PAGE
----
Detailed chart showing the area between the Straits of Banca and Sunda Strait, which appeared in Laurie & Whittle's East-India Pilot, or Oriental Navigator . . .
The Sunda Strait was an important shipping route used especially by the Dutch East India Company, who considered it a gateway to the Spice Islands during the late eighteenth and early seventeenth centuries. The famous volcanic island of Krakatoa (labeled here as "Cracatoa") is shown at the bottom left of the map. Also shown is the island labeled "Thwart the Way", the former Dutch name for the present-day island of Sangiang.
The map extends south to the northern coastline of Java, including the Dutch East India Company (VOC) headquarters in Batavia (Jakarta).
"The Thousand Islands", just north of Java, was the site of several clashes between the Dutch and British forces, whose string of 105 islands were used by European forces as shipyards, sanitariums, quarantine facilities and fortress sites.
The top right corner of the map shows the "Entrance of Gaspar Straits", which connects the Java to the South China Sea. A small inset on the left-hand side of the map entitled "Plan of the Bay Between North Island & The Three Sisters by Captain Lestock Wilson".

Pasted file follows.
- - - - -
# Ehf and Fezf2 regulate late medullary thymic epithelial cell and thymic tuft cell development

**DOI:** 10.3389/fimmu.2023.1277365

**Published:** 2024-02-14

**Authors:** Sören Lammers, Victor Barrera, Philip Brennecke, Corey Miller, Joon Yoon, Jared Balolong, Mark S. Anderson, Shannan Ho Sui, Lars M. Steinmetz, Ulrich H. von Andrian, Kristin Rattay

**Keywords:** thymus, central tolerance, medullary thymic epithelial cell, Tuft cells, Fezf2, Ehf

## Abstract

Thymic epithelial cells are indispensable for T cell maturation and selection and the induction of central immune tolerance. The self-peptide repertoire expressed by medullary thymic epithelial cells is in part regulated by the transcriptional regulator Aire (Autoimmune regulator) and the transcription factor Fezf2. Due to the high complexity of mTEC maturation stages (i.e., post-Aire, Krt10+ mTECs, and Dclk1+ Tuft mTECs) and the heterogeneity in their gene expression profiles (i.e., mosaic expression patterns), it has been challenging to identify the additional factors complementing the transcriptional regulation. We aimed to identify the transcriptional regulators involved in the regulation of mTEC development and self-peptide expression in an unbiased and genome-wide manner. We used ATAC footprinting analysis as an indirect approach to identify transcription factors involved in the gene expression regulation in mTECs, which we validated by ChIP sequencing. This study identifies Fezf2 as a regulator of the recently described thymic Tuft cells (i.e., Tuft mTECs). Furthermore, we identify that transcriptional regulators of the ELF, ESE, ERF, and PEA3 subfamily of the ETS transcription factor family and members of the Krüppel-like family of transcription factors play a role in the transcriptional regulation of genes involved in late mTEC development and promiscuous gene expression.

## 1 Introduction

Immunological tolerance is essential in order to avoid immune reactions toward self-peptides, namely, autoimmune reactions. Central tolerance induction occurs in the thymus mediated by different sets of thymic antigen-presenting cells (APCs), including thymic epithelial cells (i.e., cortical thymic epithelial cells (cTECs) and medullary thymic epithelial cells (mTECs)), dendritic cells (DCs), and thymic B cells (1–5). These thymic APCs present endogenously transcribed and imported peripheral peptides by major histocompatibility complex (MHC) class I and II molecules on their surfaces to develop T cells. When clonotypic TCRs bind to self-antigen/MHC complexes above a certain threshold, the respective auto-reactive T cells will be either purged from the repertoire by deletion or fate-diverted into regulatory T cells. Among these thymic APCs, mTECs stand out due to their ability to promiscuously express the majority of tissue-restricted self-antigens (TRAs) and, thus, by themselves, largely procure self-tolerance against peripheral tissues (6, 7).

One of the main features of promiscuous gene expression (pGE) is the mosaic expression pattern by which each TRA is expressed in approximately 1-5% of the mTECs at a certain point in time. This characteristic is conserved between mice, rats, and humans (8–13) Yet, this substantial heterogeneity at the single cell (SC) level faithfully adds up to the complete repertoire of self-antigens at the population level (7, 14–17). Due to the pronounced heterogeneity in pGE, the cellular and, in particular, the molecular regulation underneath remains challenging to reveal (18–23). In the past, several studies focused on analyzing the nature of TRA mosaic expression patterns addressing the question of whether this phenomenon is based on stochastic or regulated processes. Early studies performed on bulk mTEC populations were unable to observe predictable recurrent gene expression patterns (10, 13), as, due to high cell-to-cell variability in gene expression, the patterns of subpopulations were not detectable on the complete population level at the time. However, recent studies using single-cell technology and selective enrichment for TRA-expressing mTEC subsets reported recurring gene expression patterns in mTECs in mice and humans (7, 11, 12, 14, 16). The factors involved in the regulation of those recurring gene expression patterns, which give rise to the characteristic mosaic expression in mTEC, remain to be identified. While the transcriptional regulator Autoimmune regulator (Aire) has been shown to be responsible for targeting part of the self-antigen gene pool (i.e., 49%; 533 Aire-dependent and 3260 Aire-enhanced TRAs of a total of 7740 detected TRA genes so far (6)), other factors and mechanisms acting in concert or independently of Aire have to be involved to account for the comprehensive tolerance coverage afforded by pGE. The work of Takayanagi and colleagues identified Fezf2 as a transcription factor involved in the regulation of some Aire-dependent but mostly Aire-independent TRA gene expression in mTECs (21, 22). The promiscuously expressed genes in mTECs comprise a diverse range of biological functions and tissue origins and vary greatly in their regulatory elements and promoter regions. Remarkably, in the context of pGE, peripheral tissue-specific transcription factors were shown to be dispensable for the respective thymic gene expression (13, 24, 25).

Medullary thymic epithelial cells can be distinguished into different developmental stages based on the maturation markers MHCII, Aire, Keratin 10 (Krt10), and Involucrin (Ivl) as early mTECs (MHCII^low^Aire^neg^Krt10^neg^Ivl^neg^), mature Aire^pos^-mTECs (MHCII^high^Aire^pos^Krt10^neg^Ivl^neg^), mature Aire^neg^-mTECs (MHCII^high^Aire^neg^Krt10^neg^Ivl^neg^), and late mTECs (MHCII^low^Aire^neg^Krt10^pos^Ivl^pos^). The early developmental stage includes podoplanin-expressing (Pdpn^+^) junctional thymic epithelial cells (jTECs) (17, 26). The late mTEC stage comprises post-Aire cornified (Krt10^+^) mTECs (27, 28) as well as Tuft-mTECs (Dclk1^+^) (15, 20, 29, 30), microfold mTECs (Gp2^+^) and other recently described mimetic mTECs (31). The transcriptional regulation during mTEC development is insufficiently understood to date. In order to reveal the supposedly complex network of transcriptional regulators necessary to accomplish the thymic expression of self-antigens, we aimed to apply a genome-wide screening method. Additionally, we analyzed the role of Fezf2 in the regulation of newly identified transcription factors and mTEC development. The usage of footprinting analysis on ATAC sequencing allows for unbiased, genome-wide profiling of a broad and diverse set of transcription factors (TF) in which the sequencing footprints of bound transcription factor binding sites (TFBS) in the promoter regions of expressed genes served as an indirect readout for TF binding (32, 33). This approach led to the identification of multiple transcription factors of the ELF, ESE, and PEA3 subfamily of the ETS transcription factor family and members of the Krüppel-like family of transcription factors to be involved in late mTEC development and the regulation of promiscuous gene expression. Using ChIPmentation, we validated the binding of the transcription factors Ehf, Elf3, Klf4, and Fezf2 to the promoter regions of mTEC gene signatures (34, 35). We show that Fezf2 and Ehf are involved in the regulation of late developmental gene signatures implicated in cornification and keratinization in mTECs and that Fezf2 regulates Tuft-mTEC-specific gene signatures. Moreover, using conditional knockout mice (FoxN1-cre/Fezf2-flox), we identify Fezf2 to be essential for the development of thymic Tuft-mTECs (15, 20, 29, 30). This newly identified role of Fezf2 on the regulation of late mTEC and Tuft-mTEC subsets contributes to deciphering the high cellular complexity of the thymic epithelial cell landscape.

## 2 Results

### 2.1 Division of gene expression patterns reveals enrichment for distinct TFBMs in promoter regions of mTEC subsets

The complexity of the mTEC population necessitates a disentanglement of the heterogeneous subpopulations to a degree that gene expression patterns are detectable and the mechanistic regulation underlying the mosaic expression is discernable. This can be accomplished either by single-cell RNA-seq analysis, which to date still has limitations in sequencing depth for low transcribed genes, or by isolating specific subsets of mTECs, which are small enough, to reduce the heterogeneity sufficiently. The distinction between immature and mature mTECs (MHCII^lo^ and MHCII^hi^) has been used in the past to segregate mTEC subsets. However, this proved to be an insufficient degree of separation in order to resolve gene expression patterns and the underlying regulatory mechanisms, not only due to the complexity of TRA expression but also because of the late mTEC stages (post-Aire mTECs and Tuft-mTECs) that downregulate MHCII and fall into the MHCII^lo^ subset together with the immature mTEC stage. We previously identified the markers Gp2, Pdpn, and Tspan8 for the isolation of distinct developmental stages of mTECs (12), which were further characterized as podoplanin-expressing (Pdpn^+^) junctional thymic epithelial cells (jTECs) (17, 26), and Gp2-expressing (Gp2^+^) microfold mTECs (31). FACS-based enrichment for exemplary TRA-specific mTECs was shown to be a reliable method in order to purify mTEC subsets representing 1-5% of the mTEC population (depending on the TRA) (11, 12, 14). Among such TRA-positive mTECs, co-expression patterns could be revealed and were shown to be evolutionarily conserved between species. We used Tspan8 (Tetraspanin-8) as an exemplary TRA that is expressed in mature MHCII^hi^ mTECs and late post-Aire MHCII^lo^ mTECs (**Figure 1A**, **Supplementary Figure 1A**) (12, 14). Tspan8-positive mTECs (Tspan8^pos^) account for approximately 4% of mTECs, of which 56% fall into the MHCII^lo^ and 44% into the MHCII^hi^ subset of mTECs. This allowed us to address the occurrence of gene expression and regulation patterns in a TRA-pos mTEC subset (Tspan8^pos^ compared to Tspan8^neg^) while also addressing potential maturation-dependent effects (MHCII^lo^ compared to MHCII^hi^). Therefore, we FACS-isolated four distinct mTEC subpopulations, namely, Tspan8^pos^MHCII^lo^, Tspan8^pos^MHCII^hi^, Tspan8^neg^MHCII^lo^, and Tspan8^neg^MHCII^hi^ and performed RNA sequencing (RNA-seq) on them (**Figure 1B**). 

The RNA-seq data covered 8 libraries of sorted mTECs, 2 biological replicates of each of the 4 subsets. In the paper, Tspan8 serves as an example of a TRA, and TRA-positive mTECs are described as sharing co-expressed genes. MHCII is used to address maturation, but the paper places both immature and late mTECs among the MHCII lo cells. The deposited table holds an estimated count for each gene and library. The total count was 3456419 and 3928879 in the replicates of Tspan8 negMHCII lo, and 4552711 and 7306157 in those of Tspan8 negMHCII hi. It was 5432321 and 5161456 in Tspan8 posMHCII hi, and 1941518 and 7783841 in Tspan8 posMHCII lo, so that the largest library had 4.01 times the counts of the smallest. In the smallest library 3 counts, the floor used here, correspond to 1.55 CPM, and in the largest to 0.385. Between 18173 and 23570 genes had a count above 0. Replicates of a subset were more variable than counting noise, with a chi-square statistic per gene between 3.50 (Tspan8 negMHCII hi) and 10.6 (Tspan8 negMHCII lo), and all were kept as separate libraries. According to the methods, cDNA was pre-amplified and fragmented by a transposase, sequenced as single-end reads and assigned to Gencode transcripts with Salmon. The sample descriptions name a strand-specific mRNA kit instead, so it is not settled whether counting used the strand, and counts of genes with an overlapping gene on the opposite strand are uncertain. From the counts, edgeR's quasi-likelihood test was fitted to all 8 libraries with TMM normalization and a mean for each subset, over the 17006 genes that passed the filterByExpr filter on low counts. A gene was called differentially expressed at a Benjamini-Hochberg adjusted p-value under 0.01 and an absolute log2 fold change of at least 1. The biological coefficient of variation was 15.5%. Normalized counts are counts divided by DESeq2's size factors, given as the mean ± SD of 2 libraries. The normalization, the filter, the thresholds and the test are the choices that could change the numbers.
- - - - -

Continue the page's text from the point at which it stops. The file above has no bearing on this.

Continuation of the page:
Robert Laurie (ca. 1755-1836) and James Whittle (1757-1818) formed their Fleet Street, London-based firm upon the 1794 death of their employer Robert Sayer, himself one of the dominant print and mapmakers of the last half of the 18th century.
Laurie & Whittle started managing Sayer's business as early as 1787. They took over all managerial duties when Sayer's health flagged in 1792, and they changed the imprint in 1794 upon his death. Sayer left the two a 21-year lease on the shop (at £100 a year) and on Sayer's Bolt Court premises, as well as an option to acquire stock and equipment at a preferential price of £5,000 payable over three years.
Robert Laurie retired from the firm in 1812, and his role was assumed by his son, Richard Holmes Laurie (1777-1858). The younger Laurie worked with James Whittle until the latter died in 1818. After R. H. Laurie died in 1858, Alexander George Findlay, FRGS (1812-1875) purchased the firm from his daughters. The firm continues today under another name, specializing in yachting charts.
Laurie & Whittle were prolific print and map publishers, and throughout their careers, they produced numerous very important and rare works. They carried on Robert Sayer's atlas business and were responsible for editions of The Complete East-India Pilot and The American Atlas.